General information about telescope

Seeing conditions 
"Seeing" is the term astronomers use to describe the sky's atmospheric conditions. The atmosphere is in continual motion with changing temperatures, air currents, weather fronts and dust particles. These factors cause the star images to twinkle. If the stars are twinkling considerably we have "poor" seeing conditions and when the star images are steady we have "good" seeing conditions. Poor seeing is most noticeable when observing planets and the moon, whereas deep sky objects such as nebulae and galaxies are less affected by poor seeing conditions. On deep sky objects, the most important factor is the transparency of the atmosphere (a measure of how dark the sky is on a given night-determined by clouds, dust, haze and light pollution). Seeing conditions and transparency will vary widely from site to site, from season to season and from night to night.
Some manufacturers of small aperture telescopes would like you to believe that they can routinely outperform larger aperture telescopes because of atmospheric turbulence (poor seeing conditions). Occasionally this may be true on planets and the moon (you can stop down the larger aperture simply with cut-out masks to alleviate this problem), but it is never true on deep sky objects (nebulae, galaxies and star clusters) where maximum aperture is needed.

This is a very important factor in choosing a telescope. If you live in a city polluted with lights you may want to transport your telescope to a dark sky location. If you live in a dark sky location you may have to take the equipment out and set it up. Consider the overall weight and bulk that you will be working with. If you are fortunate enough to have a telescope permanently mounted (or set up), then you should consider the largest aperture telescope you can afford (albeit still considering which type of telescope design fits your needs).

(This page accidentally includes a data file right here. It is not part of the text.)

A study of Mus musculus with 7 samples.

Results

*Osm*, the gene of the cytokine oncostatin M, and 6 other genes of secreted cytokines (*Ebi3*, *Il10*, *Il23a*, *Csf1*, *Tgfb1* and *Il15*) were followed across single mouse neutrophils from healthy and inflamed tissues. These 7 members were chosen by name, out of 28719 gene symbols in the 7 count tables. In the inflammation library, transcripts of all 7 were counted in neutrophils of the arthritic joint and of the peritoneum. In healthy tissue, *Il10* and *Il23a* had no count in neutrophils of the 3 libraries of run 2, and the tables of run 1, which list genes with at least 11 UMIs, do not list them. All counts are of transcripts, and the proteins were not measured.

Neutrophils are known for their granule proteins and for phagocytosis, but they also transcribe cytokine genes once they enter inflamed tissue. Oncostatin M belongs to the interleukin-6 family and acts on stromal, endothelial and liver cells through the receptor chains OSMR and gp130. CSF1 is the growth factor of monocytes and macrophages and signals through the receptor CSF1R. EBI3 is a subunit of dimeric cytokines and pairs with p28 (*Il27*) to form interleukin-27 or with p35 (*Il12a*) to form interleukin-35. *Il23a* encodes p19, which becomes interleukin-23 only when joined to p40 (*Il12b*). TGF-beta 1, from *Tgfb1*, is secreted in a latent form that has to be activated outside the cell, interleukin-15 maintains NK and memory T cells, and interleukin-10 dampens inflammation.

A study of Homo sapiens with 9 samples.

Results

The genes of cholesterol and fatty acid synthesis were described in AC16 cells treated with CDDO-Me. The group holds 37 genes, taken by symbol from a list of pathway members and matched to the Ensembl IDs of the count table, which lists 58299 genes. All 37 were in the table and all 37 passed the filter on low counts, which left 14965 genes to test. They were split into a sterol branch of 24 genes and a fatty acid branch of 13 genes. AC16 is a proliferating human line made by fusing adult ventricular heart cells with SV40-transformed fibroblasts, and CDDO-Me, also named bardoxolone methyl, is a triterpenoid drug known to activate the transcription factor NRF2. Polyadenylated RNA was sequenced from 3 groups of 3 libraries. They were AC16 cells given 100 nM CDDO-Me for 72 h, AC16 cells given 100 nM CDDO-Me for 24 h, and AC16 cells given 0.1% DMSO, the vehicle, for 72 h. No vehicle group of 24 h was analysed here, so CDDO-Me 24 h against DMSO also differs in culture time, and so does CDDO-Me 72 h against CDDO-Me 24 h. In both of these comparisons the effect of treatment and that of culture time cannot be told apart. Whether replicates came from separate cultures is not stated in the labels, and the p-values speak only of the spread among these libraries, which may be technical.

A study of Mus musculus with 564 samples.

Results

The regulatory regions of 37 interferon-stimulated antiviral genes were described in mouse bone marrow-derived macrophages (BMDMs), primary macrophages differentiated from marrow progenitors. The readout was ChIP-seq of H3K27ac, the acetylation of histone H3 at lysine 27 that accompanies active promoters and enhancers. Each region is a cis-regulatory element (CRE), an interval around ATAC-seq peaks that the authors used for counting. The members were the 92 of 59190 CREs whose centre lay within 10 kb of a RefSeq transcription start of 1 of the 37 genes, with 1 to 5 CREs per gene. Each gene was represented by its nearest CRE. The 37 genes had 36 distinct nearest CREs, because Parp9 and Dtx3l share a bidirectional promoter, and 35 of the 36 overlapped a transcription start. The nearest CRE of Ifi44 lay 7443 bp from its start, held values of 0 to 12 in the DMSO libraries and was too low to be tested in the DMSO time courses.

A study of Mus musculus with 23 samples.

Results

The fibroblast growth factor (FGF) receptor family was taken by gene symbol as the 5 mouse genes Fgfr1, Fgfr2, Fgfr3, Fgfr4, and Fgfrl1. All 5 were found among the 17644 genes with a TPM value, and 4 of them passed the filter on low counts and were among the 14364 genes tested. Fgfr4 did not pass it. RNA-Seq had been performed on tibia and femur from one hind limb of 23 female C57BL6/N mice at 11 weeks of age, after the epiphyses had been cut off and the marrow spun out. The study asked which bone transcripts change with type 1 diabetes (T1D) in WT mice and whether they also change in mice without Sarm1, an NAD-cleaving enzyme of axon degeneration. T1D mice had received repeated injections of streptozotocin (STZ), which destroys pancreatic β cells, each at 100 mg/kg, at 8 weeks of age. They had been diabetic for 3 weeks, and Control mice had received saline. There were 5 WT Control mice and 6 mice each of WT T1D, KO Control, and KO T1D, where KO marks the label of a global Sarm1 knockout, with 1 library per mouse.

Look for a telescope that can grow along with you as your experience and interest expand. Make sure the manufacturer has a complete line of accessories so that your telescope and your fun are not limited by lack of equipment. Most manufacturers offer accessories that may be added on at a later time.
If you want maximum versatility, consider that some telescopes are multipurpose for the following- (1) terrestrial viewing, (2) terrestrial photography with the attachment of a 35mm SLR camera, (3) astronomical observing and (4) astronomical photography (astrophotography)


Most manufacturers are reputable and make good quality products. However, even with the same optical design and same type of mount there are distinct differences between similar units. You need to inspect the units and rely on the advice of telescope dealers, educators, members of astronomy clubs or professional astronomers.

Another very important point is the after-purchase service. Does the manufacturer have a technically competent staff to answer your questions? Can you later purchase an assortment of accessories to fulfill your expanding interest? If you have equipment problems, can you get them repaired promptly?

Also consider the type and length of the product warranty.